Summary of Research
Our multidisciplinary research unit deals with clinical perspectives of historic human remains. A major goal of the project is to gain a better understanding of ongoing processes of development in modern clinically relevant disorders, e.g. trauma or degenerative musculoskeletal diseases. For this purpose, state-of-the-art diagnostic and analytic methods are used, including the evaluation of bone microarchitecture, the assessment of biomechanical parameters or the reconstruction of injury-mechanisms. Furthermore, reliable guidelines are developed for use when assessing findings in diagnostic imaging of skeletal human remains in the context of palopathology.
Diagnostic Imaging (CT, MRI) at the Institute of Forensic Medicine, UZH and the Orthopedic University Clinic Balgrist
Histology at the Institute of Diagnostic Pathology, University Hospital Zurich
Radiocarbon Dating at the Institute of Particle Physics and Astrophysics, ETHZ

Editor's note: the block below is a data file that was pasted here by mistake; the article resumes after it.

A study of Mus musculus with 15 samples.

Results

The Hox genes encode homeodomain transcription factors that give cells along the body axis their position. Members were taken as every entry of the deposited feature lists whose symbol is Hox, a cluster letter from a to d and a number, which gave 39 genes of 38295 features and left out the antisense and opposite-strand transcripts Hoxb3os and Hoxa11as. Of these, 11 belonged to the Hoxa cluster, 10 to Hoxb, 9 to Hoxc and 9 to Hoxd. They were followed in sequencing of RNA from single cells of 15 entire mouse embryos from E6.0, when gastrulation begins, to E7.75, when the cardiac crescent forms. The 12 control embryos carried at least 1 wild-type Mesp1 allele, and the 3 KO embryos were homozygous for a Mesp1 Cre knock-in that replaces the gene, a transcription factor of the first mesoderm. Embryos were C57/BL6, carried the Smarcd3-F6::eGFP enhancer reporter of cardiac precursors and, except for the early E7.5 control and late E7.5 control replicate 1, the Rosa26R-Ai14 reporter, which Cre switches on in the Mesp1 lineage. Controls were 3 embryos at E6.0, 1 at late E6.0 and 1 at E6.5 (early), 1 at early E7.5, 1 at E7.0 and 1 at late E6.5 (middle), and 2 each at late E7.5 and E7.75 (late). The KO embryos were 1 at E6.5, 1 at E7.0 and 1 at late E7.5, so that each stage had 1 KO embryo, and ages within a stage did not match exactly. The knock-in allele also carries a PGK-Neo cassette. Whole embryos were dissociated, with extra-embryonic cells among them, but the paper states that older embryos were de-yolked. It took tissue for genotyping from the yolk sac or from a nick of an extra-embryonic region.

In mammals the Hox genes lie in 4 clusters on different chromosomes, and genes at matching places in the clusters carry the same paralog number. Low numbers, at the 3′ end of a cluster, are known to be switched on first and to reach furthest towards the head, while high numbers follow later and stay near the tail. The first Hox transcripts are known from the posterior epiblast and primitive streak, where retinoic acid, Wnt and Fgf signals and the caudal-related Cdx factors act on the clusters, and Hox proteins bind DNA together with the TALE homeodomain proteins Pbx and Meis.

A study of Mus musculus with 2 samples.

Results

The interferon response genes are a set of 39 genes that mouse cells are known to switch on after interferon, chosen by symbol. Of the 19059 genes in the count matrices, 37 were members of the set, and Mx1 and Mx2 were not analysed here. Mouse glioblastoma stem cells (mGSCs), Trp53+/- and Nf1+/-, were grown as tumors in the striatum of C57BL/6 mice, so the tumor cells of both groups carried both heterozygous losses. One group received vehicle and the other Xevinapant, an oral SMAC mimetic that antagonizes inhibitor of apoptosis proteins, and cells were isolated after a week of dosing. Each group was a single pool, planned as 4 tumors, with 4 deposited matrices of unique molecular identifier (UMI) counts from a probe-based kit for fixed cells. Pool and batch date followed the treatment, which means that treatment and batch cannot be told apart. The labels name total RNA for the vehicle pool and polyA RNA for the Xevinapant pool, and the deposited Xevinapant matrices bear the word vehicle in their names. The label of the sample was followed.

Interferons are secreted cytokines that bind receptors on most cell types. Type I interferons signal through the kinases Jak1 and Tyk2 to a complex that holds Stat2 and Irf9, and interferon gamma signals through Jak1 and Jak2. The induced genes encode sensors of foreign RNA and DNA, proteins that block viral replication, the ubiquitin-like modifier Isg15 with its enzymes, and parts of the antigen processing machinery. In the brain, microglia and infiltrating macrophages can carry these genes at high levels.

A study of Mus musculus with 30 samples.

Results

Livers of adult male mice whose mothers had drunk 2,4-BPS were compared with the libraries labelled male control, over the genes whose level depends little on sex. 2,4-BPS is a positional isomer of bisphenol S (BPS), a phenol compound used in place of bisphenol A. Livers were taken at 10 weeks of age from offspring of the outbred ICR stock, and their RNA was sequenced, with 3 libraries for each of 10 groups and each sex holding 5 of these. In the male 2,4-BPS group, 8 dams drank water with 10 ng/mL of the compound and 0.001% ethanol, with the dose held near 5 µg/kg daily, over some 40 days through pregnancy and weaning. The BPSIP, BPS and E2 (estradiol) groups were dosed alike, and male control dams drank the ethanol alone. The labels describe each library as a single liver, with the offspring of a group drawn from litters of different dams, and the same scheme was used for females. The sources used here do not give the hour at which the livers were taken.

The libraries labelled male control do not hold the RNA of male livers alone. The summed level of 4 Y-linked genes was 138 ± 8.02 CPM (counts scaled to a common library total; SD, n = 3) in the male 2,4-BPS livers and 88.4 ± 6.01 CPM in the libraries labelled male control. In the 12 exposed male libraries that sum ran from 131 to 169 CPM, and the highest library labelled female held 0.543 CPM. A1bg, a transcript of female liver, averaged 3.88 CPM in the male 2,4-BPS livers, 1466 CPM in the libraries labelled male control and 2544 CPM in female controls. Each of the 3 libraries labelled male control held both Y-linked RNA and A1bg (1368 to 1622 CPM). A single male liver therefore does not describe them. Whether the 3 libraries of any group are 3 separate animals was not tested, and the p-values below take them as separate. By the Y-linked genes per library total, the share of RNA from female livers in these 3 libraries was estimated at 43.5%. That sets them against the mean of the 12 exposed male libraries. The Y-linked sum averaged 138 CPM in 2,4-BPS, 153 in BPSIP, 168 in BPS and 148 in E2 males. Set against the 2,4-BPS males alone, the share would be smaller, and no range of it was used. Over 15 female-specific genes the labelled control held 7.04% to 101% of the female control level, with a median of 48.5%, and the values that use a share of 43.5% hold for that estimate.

Micro-CT and Breast-CT, Institute of Diagnostic and Interventional Radiology, University Hospital of Zurich
Selected Published Articles
van Schaik K, Eisenberg R, Bekvalac J, Rühli F. Evaluating the relationship between lesion burden and aging among the skeletons of an 18th-19th century London cemetery using osteological and radiological analysis. PLoS One. 2018, 13(4):e0196448.
Rühli FJ, Galassi FM, Häusler, M. Palaeopathology: current challenges and medical impact. Clin Anat 2016 Oct; 29(7): 816-22.
Van Schaik K, Rühli F. Health is not always written in bone: using a modern comorbidity index to assess disease load in paleopathology. Am J Physical Anthropol, 2014; 154:215-221.
Gruber P, Böni T, Rühli F. History of Paleopathology in Switzerland. In: Buikstra JE, Roberts CA, Schreiner SM (eds): The Global History of Palaeopathology: Pioneers and Prospects. New York/Oxford, Oxford University Press: 559-568, 2012.
Schiess R, Böni T, Rühli F, Haeusler M. Revisiting Scoliosis in the KNM-WT 15000 Homo erectus skeleton. J Hum Evol 2014; 67:48-59.